Prime Minister Justin Trudeau and several prominent Freedom Convoy organizers are expected to testify before the upcoming public inquiry starting on Oct. 13 into the federal government's use of the Emergencies Act in February, according to multiple media sources.
The Liberal government invoked the Emergencies Act on Feb. 14, granting police extraordinary powers to clear out convoy protesters from Ottawa's downtown area and granting banks the power to freeze the accounts of convoy organizers and supporters.
Trudeau announced in April the creation of the Public Order Emergency Commission (POEC) to investigate the circumstances leading up to the government's Emergencies Act invocation.
He named Ontario Appeal Court Justice Paul S. Rouleau as the POEC's commissioner, who initially announced that the commission would run from Sept. 19 to Oct. 28, but later announced a postponement until Oct. 13 due to health issues and a surgery appointment.
A spokesperson with the POEC told The Epoch Times that it hasn't yet released an official list of witnesses. The commission had said previously it will call "a wide variety" of witnesses ranging from convoy protesters to government officials to testify.
Rouleau has said holding the government accountable for the Emergencies Act is "one of the Commission’s primary responsibilities."
"I intend to conduct the hearings in as open and transparent a manner as possible to help Canadians gain a better understanding of the events of February 2022 and their impact across the country," he said in a statement.
Besides Trudeau and convoy organizers, the list of potential witnesses also includes Deputy Prime Minister and Minister of Finance Chrystia Freeland and Public Safety Minister Marco Mendicino.
The list could also include Ottawa Mayor Jim Watson and other city officials, members of the Ottawa Police Services Board, past and present chiefs of Ottawa police, and the head of the Canadian Security Intelligence Service.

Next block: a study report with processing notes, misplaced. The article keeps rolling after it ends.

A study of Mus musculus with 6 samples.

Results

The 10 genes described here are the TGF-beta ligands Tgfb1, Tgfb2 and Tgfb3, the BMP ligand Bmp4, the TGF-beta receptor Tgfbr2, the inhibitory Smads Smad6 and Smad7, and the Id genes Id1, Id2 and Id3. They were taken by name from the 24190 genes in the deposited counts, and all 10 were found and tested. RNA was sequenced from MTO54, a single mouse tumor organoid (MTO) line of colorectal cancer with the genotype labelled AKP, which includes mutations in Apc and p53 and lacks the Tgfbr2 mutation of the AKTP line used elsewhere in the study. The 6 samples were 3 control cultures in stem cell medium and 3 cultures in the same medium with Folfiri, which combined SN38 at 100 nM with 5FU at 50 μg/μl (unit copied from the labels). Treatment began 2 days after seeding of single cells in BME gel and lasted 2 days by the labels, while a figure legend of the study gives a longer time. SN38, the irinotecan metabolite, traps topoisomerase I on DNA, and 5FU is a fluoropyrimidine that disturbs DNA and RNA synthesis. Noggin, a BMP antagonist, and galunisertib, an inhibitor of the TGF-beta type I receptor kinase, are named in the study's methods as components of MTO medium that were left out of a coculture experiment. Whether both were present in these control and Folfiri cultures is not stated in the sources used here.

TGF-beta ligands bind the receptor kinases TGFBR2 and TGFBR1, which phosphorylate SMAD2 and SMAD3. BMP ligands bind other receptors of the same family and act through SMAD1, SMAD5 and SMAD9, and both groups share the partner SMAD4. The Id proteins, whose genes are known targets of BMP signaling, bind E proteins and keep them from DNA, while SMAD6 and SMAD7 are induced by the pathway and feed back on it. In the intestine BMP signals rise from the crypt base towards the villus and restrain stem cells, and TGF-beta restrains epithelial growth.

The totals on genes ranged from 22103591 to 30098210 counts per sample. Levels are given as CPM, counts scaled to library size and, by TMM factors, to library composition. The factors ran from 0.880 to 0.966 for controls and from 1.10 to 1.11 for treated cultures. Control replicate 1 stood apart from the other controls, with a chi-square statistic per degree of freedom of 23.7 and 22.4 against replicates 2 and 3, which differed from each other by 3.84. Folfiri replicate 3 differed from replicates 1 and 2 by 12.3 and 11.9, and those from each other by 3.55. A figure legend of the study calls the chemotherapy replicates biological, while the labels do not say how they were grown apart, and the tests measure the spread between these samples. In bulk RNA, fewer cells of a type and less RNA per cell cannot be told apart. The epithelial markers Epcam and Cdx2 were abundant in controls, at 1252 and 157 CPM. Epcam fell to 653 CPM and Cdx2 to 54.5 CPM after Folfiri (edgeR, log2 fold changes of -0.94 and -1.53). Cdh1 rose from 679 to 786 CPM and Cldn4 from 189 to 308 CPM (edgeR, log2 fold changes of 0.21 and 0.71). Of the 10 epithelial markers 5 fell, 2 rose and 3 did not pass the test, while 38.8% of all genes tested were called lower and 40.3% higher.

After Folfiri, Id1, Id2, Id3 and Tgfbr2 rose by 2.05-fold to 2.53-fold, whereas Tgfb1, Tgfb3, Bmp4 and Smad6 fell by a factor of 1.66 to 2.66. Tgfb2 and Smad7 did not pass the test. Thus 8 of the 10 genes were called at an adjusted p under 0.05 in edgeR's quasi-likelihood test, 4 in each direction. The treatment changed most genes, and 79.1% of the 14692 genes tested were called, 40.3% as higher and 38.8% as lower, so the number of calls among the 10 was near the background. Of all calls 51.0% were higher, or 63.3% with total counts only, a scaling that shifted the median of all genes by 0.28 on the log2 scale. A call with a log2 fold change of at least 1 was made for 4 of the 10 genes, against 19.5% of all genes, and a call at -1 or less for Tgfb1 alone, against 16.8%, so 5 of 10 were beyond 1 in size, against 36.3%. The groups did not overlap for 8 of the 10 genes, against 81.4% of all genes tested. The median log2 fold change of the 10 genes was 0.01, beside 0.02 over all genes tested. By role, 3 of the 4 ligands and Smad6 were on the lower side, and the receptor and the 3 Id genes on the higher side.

Civil society groups who were opposed to the invocation of the act will also be addressing the commission.
Convoy organizers have asked a court to release $450,000 in frozen funds—part of the over $10 million donated to the convoy through the crowdfunding platforms GoFundMe and GiveSendGo—so that they can afford legal defence in the upcoming public inquiry.
The organizers are currently involved in a lawsuit launched by Ottawa resident Zexi Li along with other "downtown [Ottawa] residents, businesses, and workers" who are seeking a total of $306 million in damages.
The Ontario Superior Court of Justice on Feb. 17 issued a Mareva order to put more than $5 million of donations into escrow pending the outcome of a proposed class action lawsuit.
The Freedom Convoy movement began on Jan. 29 as a demonstration by truck drivers opposing the federal COVID-19vaccine mandates for cross-border travel but grew exponentially when supporters from across the country joined in to call for an end to various other COVID-19 mandates and restrictions as well.
The commission's final report, complete with its findings and recommendations, will be presented in the House of Commons and the Senate by Feb. 20, 2023, at the latest.
The Canadian Press and Andrew Chen contributed to this report.